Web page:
Surcoats were a must, for most fashion mongers of the 10-12th centuries; a surcoat was an outer garment, usually worn as a sort of full-bodied apron; most especially one could see it on knights, and warriors on their way to some battle or other, and usually it carried whatever coat of arms they marched under. Women also wore them over their modest, yet widely differing style dresses**. (5) Cloaks, vests, coats, all were important, and usually lavishly decorated with jewels, thick gold embroidery and furs; just one example, of King Edward IV (1442-1483), attests to this truth: "The said master and twenty-four bargemen received sixteen yards of blue and murrey cloth, being the colours of the livery of the house of York, and forty-eight small roses embroidered, to make jackets, which were to be garnished with small roses; four other persons receiving on the same occasion eight large embroidered roses."(6)

Color seemed to be more than a mere preference of the wearer; we know of purple for royalty, and various earthy tones for the clergy; other people had no choice in the color of their clothing: along with the drab colored wool of the poor, women of ill-repute were required by law to wear red. There were other laws stating what a heretic must wear, and those of the Jewish faith, and for Lepers.(7)

Undergarments aren't usually openly discussed in period documents, but we know from art history that women probably wore petticoats and corsets as far back as the 12th century (8); and a well-preserved corset, owned by Elizabeth I, (circa probably 1604), is still in existence to show us surely what a fashionable then-modern corset looked like.(9)

Head coverings and shoes too were important fashion accessories. While men tended to keep their heads covered in church, women had to do so, all the time, unless unmarried, or a prostitute. So head coverings shifted with the times and wealth of the buyer, from simple veils and snug-fitting coifs, to the outrageously-shaped and decorated hats that wealthy women were often seen in, to the "flat caps" so popular in the court of Henry VIII. (10) Footwear, meanwhile, was often possibly no more than woolen stockings, and a soft leather low-heeled slipper, to what we would recognize as a pair of boots,(11) or--if one had the wealth to afford it, elaborate, high-heeled constructions that, to tell by the extant pictures, must have been rather dangerous to the wearer!(12). And of course, the jewelry obsessions of the wealthy, for such things as the cameos and gems mentioned above, to the varying styles--simple to elaborate--of crosses, broaches and cloak pins, cannot be overlooked.(13)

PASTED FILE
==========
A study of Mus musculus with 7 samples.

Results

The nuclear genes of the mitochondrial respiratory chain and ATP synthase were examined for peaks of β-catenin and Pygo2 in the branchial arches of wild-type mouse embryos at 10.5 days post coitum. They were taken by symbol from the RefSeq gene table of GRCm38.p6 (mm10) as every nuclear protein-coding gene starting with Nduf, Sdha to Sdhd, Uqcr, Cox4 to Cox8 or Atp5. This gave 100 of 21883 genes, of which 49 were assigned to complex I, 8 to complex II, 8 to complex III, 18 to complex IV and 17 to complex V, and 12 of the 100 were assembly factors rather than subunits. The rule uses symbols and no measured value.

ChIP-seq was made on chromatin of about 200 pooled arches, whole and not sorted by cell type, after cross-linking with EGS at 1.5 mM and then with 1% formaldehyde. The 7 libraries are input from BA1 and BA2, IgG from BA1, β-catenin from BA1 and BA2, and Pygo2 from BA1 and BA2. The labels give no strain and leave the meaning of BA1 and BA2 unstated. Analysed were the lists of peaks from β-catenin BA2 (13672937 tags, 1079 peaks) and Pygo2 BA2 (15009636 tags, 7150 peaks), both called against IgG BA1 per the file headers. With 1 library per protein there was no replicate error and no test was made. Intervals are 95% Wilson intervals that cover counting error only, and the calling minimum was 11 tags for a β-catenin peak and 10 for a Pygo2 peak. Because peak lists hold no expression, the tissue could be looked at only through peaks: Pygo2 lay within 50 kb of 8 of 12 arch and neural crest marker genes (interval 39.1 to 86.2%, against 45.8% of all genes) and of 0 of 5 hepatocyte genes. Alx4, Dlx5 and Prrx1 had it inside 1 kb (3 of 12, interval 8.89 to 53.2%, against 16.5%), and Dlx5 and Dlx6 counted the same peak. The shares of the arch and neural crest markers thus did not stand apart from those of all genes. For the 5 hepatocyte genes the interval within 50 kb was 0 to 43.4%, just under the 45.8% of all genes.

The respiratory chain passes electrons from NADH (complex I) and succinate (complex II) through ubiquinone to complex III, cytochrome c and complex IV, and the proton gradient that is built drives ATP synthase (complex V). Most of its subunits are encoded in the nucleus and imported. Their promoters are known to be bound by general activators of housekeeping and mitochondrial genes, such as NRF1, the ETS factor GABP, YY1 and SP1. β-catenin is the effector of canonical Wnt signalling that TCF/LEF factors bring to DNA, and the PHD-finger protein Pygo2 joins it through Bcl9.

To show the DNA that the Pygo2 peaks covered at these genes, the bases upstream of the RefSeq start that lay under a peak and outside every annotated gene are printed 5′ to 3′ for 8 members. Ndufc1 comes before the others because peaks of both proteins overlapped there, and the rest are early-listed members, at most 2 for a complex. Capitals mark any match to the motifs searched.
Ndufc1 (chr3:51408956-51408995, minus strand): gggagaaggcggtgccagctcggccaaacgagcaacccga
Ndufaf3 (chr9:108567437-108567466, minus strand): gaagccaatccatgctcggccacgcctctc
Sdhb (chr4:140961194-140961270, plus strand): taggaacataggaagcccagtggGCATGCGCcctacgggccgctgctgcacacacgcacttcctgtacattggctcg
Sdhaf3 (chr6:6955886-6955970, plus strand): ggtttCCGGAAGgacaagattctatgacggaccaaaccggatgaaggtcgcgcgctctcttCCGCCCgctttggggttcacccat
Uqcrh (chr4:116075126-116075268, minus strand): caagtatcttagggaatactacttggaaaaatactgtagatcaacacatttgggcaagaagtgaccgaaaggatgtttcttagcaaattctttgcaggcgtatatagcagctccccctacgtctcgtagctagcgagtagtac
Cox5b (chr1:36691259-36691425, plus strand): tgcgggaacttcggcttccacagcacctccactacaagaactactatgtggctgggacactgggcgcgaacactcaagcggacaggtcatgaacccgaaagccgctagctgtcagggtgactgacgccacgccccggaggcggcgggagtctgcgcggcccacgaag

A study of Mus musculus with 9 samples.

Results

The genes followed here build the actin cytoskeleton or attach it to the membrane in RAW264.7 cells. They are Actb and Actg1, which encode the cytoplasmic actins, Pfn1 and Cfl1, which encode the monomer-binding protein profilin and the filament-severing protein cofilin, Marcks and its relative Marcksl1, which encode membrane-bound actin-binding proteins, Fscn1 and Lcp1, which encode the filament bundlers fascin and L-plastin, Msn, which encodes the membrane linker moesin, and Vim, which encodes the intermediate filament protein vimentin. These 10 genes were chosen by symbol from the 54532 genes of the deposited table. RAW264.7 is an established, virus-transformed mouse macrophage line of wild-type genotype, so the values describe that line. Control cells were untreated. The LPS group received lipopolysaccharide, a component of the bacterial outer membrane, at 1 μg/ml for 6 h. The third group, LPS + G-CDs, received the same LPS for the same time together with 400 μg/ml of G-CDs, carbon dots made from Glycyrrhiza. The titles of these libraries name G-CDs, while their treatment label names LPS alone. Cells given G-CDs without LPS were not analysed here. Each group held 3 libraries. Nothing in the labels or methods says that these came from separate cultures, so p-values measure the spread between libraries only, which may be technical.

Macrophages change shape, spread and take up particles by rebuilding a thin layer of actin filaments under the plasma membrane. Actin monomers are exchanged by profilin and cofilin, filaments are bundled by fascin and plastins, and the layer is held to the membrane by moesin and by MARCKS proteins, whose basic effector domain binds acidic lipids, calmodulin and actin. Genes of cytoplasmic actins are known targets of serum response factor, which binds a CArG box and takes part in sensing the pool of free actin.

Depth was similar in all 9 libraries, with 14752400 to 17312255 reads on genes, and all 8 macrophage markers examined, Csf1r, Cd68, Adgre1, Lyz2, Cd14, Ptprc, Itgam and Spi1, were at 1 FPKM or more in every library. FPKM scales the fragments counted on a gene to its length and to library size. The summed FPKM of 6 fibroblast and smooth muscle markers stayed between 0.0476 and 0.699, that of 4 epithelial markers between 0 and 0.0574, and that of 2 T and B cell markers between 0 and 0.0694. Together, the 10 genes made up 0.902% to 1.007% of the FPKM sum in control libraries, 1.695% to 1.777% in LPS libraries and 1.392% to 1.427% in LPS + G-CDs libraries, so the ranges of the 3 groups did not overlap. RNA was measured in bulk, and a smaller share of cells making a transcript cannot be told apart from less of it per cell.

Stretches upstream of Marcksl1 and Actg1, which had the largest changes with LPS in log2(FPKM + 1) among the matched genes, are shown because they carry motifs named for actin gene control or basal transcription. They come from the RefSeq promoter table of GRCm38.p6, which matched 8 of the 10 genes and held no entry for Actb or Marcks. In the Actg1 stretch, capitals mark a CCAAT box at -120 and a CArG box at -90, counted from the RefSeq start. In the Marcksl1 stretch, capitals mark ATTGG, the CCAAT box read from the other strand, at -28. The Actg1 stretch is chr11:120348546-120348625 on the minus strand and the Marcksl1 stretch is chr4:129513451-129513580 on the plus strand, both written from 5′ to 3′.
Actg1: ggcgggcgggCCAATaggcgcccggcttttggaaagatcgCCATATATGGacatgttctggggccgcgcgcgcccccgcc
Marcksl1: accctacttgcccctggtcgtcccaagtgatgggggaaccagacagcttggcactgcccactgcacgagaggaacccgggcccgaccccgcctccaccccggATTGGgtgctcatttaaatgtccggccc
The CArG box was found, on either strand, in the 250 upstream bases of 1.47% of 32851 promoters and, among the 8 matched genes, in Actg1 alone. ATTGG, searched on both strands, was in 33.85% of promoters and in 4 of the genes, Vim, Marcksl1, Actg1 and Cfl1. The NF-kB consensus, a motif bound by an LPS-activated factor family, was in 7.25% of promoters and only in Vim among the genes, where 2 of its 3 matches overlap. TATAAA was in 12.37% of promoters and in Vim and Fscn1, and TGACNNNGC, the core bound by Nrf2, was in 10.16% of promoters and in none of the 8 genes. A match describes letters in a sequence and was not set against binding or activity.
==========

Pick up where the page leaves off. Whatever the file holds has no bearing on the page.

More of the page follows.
So the subject of clothing and fashion was just as important in the Middle Ages and Renaissance as it is today. Other trends came and went, too many to list here. Below you'll find a list of books, and articles--and links (and on the next page, even more links), that influenced this article,


*who, as well as funding the education of many young artists, had a passion for fine cameos.

**Bliaut(12th century) (scroll to the fresco of a group of women), or Moy Gowns (early 14th century? Ireland), kirtles(1)(and a second look at one or their peasant dresses or what-have-you

1. Jardine, Lisa; Worldly Goods, 1996,1998
1a. See also Cameos through Time

2. Renaissance Life

3.Historical Costumes and Clothing of Renaissance Women by Lorri Mealey

4. Renaissance fashion: 1400-1600; see also: Fashion in the European Renaissance

5. Period clothing see also: Glossary of Medieval Fashion

6. quoted from: Privy Purse Expenses of Elizabeth of York: Wardrobe Accounts of Edward IV

7. Popular Culture in Renaissance Fashion

8. Glossary of Medieval Fashion

9. Elizabethan Effigy Corset and Reconstructing History

10. "The Costumer's Creation: Flat Caps made easy", by Juneaux, the Duchess of Netherwaullop (AKA Janet Melody), Renaissance Magazine Issue #22, 2000; p 24

11. see Footwear of the Middle Agesby I. Marc Carlson copyright 1999-2002, and

12. see Essay on Venetian Chopines by Elizabeth Louise Bernhardt

12. Medieval Jewelry

This was meant to be a simple introduction, but as I researched, it grew into an impromptu essay; if I did more than paraphrase, I humbly apologize.